My last day of work was on the 16th, and I just had my first week completely left to my own devices! I'm trying to get a lot of the important stuff out of the way first: registering for classes and submitting grad school paper work, signing up for Mass Health, doing a deep clean of the apartment and donating things we don't need, planning a couple of family visits coming up, and doing some thinking about wedding plans. But I did reserve a day last week to get back on the saddle with drawing. It felt great! I'm now returning to the fishing scene I had started with back in 2017. Comparing these two panels, can you see a bit of growth? The one on the right I photographed in 2018. I feel like I've learned so much in terms of style, composition, and inventing images out of my head.
Going back to the last day of work, it was incredibly bittersweet as expected. I spent the days leading up to it conducting some virtual trainings and documenting a lot of the paperwork stuff I'd been handling for future reference (nothing too interesting – mostly dense material like sending employment contracts and creating competency-based interview feedback forms). On my last day it was a race against the clock to tie things off before losing access to my email account, like discussing the fate of my 401k, recording my remaining PTO time for my personal records, and cleaning out my inbox once and for all. It's surprisingly hard to let go of the vast number of documents I've referenced for years and projects I've chipped away at, even though I am excited by my next career steps.
In the afternoon, my colleagues set up some pastries, berries, and bubbly out on the deck at work and we had fun reminiscing and enjoying some long-awaited time in person and not in front of a screen. There is a common practice of wearing "animal print" (prints with literal animals) on our team, and without consulting, my manager and I both wore outfits with birds printed on them. One of my coworkers composed a number of beautiful (and funny!) haikus for me which I read aloud. My manager gave me a felt pennant of a gold sunrise to symbolize new beginnings, along with a red lightning bolt pin, a symbol of the Polish pro-choice women's marches (half of our coworkers are based in Warsaw and we discussed the movement in a recent team meeting). The group gifted me a custom book stamp ("From the Library of Hannah Dunscombe") and beautiful bound book from Etsy that collected photographs from my time at work and library due date cards filled out by hand with well wishes.
I spent the following day pasting in a box load of additional work photos and memorabilia that I had stored up, so much so that the book is now practically bursting at the seams! Assembling all of those memories and preparing myself to treasure the happy times for years to come was such a lovely way to balance out my sadness of leaving behind some of the greatest coworkers I've ever had the pleasure to work with.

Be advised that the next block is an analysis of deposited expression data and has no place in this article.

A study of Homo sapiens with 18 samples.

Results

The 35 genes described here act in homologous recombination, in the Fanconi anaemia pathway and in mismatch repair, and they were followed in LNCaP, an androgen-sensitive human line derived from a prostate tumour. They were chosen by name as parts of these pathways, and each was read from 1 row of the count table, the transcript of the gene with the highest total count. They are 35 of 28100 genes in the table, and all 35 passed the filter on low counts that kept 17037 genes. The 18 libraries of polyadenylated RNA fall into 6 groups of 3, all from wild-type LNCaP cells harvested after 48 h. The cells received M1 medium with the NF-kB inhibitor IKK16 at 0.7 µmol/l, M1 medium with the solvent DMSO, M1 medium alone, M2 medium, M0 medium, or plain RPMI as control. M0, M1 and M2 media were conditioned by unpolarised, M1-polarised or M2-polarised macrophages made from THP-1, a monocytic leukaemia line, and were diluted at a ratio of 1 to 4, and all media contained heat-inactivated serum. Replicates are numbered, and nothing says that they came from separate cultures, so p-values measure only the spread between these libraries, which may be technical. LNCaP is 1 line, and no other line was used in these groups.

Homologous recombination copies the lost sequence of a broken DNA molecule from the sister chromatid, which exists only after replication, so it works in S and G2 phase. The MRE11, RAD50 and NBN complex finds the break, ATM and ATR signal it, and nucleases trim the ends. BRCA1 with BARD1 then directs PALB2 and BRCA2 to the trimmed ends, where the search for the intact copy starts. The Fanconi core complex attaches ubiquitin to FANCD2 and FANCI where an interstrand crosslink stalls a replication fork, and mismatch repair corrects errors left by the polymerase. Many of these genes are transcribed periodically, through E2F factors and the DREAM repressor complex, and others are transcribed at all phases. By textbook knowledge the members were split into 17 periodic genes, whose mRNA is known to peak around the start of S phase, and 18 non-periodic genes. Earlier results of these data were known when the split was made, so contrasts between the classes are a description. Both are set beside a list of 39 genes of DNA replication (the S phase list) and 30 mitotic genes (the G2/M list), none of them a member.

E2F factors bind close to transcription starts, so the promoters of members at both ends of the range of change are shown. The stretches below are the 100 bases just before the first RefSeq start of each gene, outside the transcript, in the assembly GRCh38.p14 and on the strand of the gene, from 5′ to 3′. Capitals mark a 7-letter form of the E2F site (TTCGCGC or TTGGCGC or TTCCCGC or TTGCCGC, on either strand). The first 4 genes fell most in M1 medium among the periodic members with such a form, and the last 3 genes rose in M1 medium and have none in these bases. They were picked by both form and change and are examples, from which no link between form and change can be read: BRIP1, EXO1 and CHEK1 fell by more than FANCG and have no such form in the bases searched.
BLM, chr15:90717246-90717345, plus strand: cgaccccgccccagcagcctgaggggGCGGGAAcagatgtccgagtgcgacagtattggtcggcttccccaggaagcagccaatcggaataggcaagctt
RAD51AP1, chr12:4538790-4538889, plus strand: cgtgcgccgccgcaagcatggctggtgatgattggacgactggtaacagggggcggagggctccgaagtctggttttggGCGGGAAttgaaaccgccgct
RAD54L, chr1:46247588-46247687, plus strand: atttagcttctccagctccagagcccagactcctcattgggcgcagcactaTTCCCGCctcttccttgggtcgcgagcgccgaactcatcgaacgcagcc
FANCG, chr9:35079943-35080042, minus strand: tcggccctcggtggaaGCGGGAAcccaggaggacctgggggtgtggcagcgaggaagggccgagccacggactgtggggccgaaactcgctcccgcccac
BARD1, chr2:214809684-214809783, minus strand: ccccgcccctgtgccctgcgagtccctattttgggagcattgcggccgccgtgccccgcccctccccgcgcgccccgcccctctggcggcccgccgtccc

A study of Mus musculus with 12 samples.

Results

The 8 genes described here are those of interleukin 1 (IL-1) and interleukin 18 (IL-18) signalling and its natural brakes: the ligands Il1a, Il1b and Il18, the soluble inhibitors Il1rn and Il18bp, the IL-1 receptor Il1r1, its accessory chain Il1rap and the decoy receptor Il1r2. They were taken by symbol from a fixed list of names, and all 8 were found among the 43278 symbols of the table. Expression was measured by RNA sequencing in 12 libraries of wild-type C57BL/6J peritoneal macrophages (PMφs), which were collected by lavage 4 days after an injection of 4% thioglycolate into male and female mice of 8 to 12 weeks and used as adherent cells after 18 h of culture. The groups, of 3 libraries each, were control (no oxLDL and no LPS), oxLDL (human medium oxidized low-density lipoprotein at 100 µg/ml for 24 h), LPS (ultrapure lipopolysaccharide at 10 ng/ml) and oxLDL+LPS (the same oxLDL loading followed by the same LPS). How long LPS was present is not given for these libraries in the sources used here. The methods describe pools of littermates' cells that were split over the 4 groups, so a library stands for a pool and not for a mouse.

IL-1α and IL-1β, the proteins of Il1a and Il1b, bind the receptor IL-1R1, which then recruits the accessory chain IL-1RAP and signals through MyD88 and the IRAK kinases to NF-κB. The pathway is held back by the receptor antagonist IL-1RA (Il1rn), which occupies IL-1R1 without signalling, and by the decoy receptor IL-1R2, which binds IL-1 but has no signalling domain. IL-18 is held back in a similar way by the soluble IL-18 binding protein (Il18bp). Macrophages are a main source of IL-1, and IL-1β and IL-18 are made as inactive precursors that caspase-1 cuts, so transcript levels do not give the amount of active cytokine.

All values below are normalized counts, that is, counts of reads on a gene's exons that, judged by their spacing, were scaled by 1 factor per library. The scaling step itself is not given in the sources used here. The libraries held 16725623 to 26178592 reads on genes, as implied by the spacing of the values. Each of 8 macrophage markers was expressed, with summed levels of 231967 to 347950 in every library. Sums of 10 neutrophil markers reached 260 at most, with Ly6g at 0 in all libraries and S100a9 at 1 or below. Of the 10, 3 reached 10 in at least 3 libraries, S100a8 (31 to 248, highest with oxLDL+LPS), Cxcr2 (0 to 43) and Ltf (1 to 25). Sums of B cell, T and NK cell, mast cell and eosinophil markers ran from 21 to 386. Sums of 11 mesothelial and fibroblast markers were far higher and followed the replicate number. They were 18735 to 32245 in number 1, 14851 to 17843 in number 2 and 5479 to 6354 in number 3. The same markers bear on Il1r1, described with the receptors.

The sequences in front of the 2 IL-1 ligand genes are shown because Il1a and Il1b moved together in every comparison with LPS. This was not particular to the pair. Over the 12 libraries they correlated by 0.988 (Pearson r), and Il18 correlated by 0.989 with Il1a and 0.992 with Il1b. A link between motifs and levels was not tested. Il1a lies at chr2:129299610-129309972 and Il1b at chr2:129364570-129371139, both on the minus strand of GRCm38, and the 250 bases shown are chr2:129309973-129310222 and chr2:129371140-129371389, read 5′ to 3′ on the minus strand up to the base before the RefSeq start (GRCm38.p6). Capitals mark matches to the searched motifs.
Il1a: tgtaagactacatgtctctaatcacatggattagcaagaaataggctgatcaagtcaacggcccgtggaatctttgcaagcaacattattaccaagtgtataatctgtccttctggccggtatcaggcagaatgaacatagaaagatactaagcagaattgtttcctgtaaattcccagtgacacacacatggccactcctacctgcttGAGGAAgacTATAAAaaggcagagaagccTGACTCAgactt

Also I did end up getting into Simmons! Three of my former managers very kindly wrote letters of recommendation for me as well, which helped me get some extremely helpful scholarships too :)
There are over a thousand forest fires currently burning in the US. Even on this farthest-East point in the US, as the winds have shifted we are seeing smog that obscures the sun and encases everything in an eery pink/orange cast. You can see in the photo of the trees on the other side of the pond that it looks like there is fog, but it's all smog.
On a more whimsical note, there has been a soccer ball stuck spinning round and round in the water flow at the base of this weir for the last month or so. Pretty impressive that it hasn't found its way out yet, even with some near flooding a week ago.
Unrelated but same evening: some moody photos from one of our back windows.
My grandfathers – both of whom grew up during the Great Depression – never paid for services they could do themselves for free (for better or worse). That continues to be a big theme in the Misura/Dunscombe family. I didn't have a professional cut my hair until fifth grade and have almost exclusively cut my own hair since high school (not recommended for people who prefer precision, but it does the job). For that matter, I've also never had my hair, makeup, nails, etc done professionally and our wedding will be no exception. Again, these are all things I can do myself ahead of time for free.
Since you can't exactly photograph your own wedding day though, we would like to hire a photographer for that. I am aware that (1) a good photographer can cost thousands of dollars and (2) I am leaving a good paying job to go back to school for the next two years, so wherever we can cut costs elsewhere counts! I've also never been in a photoshoot before but I do know how to use a camera and have photographed a number of weddings [for free]. So when thinking about any photography needed in the time leading up to us getting married, taking photos myself was an immediate "marriage" of two motivations: 'save money' and 'low-stakes practice'.
We installed my camera on a tripod, used bluetooth to make my phone a remote shutter release, and set up a timer. We took them at Round Top in my hometown, a public park that overlooks the valley and the Susquehanna River. Growing up, I spent a lot of time at Round Top hiking trails, having picnics with my family, and training during the cross country season – five years ago, Chris and I even had a pasta dinner there on the eve of my second marathon – so it felt like the perfect familiar spot. It was uncomfortably hot, sunny, and humid, but hopefully that doesn't come across in the photos.
I put some of our favorites here. And included some outtakes below.... :)
Hannah Dunscombe is a painter and portrait artist based out of Mansfield, MA.